Saturday 24 September 2016

Inner Worlds, appendix: "Nothing about this hobby is OK"

I can say this is not OK because I developed it and so it's my fault.
So all of the Inner Worlds posts of the last couple weeks have inspired dialogue to some extent. On a Facebook thread discussing the most recent one, a game writer who is better known than me said this:
Be sure to let me know if you find a way to pursue this path of analysis without reaching the conclusion "nothing about this hobby is OK."
This wrong-footed me.

I wondered if it suggested a fatalism, a suggestion that role-playing games would all fall apart if you looked too hard at them, or if the implication was that the logical final result of my thesis (that if you systematise human interactions in certain ways, you risk going to icky places and that risk needs to be addressed, even if you don't actually end up going to those places) would be that I'd inevitably end up reducing everything in my own mind to worthless junk.

Or to summarise, either nothing in the circle of let's pretend games is OK and by not looking you protect yourself from having to deal with that fact; or interrogating these things is overthinking and you'll ruin it for yourself if you do.

The first of these interpretations does at least have some weight.

I mean, look. The genre media we mass-consume often either is slight and infantilised, reducing issues that matter to tropes and punchlines (Stranger Things, modern Doctor Who, an endless succession of Marvel superhero movies) or it's a parade of brutality and nihilism with no framing commentary or redemptive subtext (Game of Thrones, The Walking Dead, an endless succession of DC superhero movies). It reflects the society we live in, and I don't for a second think that it's a controversial statement to say that our society is a mess. What is perhaps controversial is that I don't think that there's a simple fix, or that it's possible to make a thing that exists in it completely OK with some sort of mend.

Of course everything we consume exists in this context. Of course it's going to reflect or react or both to the context it's in. Hell, even something as elemental as the language a piece of media is made in is going to infect it with ideologies and assumptions.

And games, right, just to bring this crashing right back down to the unspeakably banal, to a middle-class pursuit, play out worlds that cannot exist without ours.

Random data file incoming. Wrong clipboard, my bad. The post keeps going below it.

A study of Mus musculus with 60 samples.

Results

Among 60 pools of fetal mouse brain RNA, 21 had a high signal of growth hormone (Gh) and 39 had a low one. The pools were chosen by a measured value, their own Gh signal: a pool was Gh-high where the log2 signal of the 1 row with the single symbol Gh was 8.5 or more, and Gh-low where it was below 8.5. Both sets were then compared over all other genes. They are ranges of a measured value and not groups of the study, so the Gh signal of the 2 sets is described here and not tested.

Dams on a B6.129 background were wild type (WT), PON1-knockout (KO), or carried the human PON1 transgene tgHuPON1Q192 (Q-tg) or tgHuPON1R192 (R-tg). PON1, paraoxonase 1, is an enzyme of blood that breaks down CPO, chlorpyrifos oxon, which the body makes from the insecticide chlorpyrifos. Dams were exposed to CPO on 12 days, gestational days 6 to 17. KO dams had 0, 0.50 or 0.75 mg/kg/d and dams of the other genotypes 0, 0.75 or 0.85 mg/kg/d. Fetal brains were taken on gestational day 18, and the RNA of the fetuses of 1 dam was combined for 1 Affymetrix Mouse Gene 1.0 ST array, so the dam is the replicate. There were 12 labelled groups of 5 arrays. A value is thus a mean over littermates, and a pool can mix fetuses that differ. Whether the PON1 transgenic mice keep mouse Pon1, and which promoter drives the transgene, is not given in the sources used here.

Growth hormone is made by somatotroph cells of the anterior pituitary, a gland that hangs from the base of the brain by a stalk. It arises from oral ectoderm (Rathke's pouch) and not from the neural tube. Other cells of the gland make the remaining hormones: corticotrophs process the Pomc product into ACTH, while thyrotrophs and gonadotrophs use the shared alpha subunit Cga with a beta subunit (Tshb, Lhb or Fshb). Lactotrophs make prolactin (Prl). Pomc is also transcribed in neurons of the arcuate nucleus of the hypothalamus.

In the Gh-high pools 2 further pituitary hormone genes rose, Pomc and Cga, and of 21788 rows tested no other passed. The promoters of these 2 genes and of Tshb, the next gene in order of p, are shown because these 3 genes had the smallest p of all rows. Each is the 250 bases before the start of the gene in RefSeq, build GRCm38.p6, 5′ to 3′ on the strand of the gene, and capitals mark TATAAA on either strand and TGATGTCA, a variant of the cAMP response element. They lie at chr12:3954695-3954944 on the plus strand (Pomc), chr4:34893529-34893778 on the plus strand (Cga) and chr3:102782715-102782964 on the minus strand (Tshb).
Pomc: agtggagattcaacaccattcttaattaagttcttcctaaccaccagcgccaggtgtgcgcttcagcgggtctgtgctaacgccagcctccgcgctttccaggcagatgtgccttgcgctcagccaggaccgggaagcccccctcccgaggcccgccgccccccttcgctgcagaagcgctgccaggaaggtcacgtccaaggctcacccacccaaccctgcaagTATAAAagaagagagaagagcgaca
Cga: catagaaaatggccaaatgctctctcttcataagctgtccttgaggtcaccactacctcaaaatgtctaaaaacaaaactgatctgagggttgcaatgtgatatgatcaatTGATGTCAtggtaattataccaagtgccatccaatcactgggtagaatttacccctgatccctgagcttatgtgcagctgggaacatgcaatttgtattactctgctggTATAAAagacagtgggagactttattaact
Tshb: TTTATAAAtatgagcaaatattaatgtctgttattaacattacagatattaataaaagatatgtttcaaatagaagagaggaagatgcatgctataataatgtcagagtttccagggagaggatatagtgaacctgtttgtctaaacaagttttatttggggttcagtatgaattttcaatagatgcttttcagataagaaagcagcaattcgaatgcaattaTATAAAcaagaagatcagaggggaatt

And that's not a big deal! I mean yeah, I do honestly hate Game of Thrones but it's not like I have the right to judge people who like it – there's stuff I like that is just as troublesome, just as messed up. I still like it. Recognising it's got problems doesn't ruin that for me. Criticism is not the enemy of enjoyment.

I'll say that again. Criticism is not the enemy of enjoyment.

The recognition that when you model a world with a game it depends upon the lens through which you see our world is actually liberating. Nothing is entirely OK, nothing, but actually tackling these things head on and thinking about why they're not OK and what I can do to make them OK, that's a way through to coming out the other side.

And you may not need to! Simply understanding why something is the way it is allows for a guiltless enjoyment of it.

You can go, this part is great, this part is a bit sexist, a bit racist, or whatever, and once that's done, that actually frees you from hand-wringing about all the awful stuff that the games scene churns out from time to time because you can actually get on and do something about it, make a better game. Or maybe you can just tackle it.

Reframe it in a context that makes sense.

Approach it with a bit of honesty.

And enjoy it.

Because this is the thing. My line of analysis is there because I enjoy these games, and want to enjoy them. By approaching what makes them difficult, what gets in the way, I can own those problems and face them head on. And maybe make a fair attempt at better games that bring out the best in me.